Hamburg is Germany's second city. Hamburg is also the name of a federal state and the most important port in Germany. The official name of Hamburg is the Free and Hanseatic City of Hamburg. The true heart of the city is located within the commercial district, with beautiful brick buildings. Many large companies are located there. Hamburg has a famous red light district (St. Georg) and a nice local fish market (Fischmarkt) in the St. Pauli area. You can dine with a view of the river or sail along the Speicherstadt canals. There is a huge selection of entertainment options near the university (Universitatsviertel). Tourism in Hamburg is booming.
Hamburg Sankt PauliPhoto: Public Domain
The landscape of Hamburg is shaped by lakes, rivers and forests and is gently sloping with an average height of 16 meters. The main rivers are the Elbe, the Bille and the Alster. These rivers are branched into small streams and canals. The city is not by the sea, but about 150 km inland. The territory of Hamburg extends for just over 755 square kilometers.
The climate of Hamburg can be characterized as a mild maritime climate. In winter, the temperature fluctuates around freezing. July and August are the hottest months of the year with an average temperature of around 19 °C. Most precipitation also falls in the summer, but June is the sunniest month of the year. The best time to travel is summer, but spring and autumn are also suitable, which are slightly drier and offer an almost equally attractive climate, with warm, sunny days.
The history of Hamburg dates back to the time of Charlemagne. A castle called the 'Hammaburg' was built in 825 AD. This castle stood at the junction of the rivers Elbe and Alster. In the middle of the 12th century, the Count of Holstein decided to found a new trading city near Hamburg, following the example of Lübeck. The trading city of Hamburg is developing at a rapid pace and on May 7, 1189, Emperor Frederick I grants Hamburg trade and shipping privileges.
Hamburg at the end of the 16th centuryPhoto: Public Domain
After 1550, Hamburg transcends the Hanseatic city of Lübeck and becomes the largest trading point in Northern Europe. At the dissolution of the Holy Roman Empire in 1806, Hamburg became a sovereign state, officially entitled Free and Hanseatic City of Hamburg.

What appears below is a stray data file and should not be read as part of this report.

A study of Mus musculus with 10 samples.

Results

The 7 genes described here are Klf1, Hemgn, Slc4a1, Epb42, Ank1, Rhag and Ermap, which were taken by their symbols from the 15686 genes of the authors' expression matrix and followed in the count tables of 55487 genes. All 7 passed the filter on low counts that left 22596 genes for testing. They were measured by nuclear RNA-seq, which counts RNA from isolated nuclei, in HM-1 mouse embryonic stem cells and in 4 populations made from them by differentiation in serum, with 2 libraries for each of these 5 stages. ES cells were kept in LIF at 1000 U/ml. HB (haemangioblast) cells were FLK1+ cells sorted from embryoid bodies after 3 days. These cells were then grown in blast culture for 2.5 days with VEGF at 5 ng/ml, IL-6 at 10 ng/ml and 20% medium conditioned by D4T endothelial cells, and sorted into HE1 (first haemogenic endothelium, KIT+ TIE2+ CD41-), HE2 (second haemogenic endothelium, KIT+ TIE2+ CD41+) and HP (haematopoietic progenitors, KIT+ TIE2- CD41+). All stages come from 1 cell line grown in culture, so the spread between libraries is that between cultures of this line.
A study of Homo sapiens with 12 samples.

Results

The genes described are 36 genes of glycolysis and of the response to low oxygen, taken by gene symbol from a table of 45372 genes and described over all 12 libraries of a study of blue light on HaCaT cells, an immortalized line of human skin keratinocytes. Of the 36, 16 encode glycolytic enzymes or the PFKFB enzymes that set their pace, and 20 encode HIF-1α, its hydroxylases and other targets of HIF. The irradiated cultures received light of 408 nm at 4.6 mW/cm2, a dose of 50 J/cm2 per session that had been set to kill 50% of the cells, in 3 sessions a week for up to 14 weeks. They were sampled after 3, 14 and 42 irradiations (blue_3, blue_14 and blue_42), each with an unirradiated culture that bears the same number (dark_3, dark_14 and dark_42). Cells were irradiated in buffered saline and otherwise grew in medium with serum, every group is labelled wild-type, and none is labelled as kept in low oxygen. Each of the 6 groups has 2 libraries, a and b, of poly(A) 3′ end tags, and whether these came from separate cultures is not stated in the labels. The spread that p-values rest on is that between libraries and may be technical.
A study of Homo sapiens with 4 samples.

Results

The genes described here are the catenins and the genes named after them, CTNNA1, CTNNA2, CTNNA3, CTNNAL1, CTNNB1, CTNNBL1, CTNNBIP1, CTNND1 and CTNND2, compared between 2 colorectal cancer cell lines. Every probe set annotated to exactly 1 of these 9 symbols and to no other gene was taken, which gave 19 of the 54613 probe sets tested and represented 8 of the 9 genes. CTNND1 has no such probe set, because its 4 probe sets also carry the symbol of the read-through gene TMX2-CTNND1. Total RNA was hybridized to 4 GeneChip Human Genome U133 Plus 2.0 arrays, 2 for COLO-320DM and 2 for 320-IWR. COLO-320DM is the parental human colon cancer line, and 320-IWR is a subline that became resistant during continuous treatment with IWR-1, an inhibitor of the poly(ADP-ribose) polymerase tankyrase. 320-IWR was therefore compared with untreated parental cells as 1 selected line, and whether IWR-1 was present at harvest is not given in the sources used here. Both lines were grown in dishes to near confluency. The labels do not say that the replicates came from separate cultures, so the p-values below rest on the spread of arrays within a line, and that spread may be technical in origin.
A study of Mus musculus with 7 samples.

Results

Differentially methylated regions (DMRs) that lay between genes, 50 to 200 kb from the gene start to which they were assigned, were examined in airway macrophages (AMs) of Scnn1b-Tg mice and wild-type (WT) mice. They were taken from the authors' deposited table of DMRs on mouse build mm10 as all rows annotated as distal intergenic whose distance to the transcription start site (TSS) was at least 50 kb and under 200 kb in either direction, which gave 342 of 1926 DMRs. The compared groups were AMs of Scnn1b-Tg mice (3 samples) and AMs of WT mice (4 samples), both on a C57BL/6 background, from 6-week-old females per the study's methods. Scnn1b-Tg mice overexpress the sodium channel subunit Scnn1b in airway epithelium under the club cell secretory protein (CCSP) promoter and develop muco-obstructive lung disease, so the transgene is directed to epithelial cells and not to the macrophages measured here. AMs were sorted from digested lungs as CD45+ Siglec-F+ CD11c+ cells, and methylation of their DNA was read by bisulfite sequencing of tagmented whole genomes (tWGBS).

In the 19th century, Hamburg was occupied by Napoleon, the Russians, the Swedes and eventually returned to German hands. In World War II, much of Hamburg's infrastructure was destroyed in the bombing. After the reunification of Germany in 1990, Hamburg regained its position as the most important port in the country.
Whether you want to enjoy the vibrant city life or nature, Hamburg is worth considering. Some of the main attractions are:
Hamburg Warehouses SpeicherstadPhoto: Gulp CC 3.0 Unported no changes made
Speicherstad is the oldest collection of red brick warehouses in the world. It is known for the storage of various goods from different corners of the world.
The collection of the history museum of the city of Hamburg covers the period from the 8th century to the 20th century. The changing history of Hamburg is documented in this museum.
Hamburger KunsthallePhoto: Pedelecs at wikivoyage shared CC 3.0 Unported no changes made
The Hamburger Kunsthalle is Hamburg's most important art museum. The collection consists of works of art from the Middle Ages to the present day. Works by Rembrandt, Monet and Rodin are on display.
Hamburg has one of the largest ports in Europe and can be explored by boat. A tour takes visitors past huge ships anchored. Container terminals, tankers and rusting ships are being repaired in the docks. Eighty million tons of goods pass through this port every year.
Bankenese is located on the steep hill of the Elbe and a visit to this picturesque fishing village is highly recommended. Many Hamburgers have a weekend house there.
The Reeperbahn is always packed with tourists. This red light district has become one of the most popular tourist attractions. There are numerous restaurants, bars and night clubs. The Reeperbahn is famous for its erotic entertainment.
Hamburg Fishmarket AltonaPhoto: Razvan Orendovici CC 2.0 Generic no changes made
The Altona fish market is located on Grossen Elbstrasse, near the River Elbe and is close to the Reeperbahn. This market is known as a fish market, but Altona offers everything a tourist can look for. On Sundays the market is extra busy with a combination of people who have just had a night out and with tourists who have just got up extra early.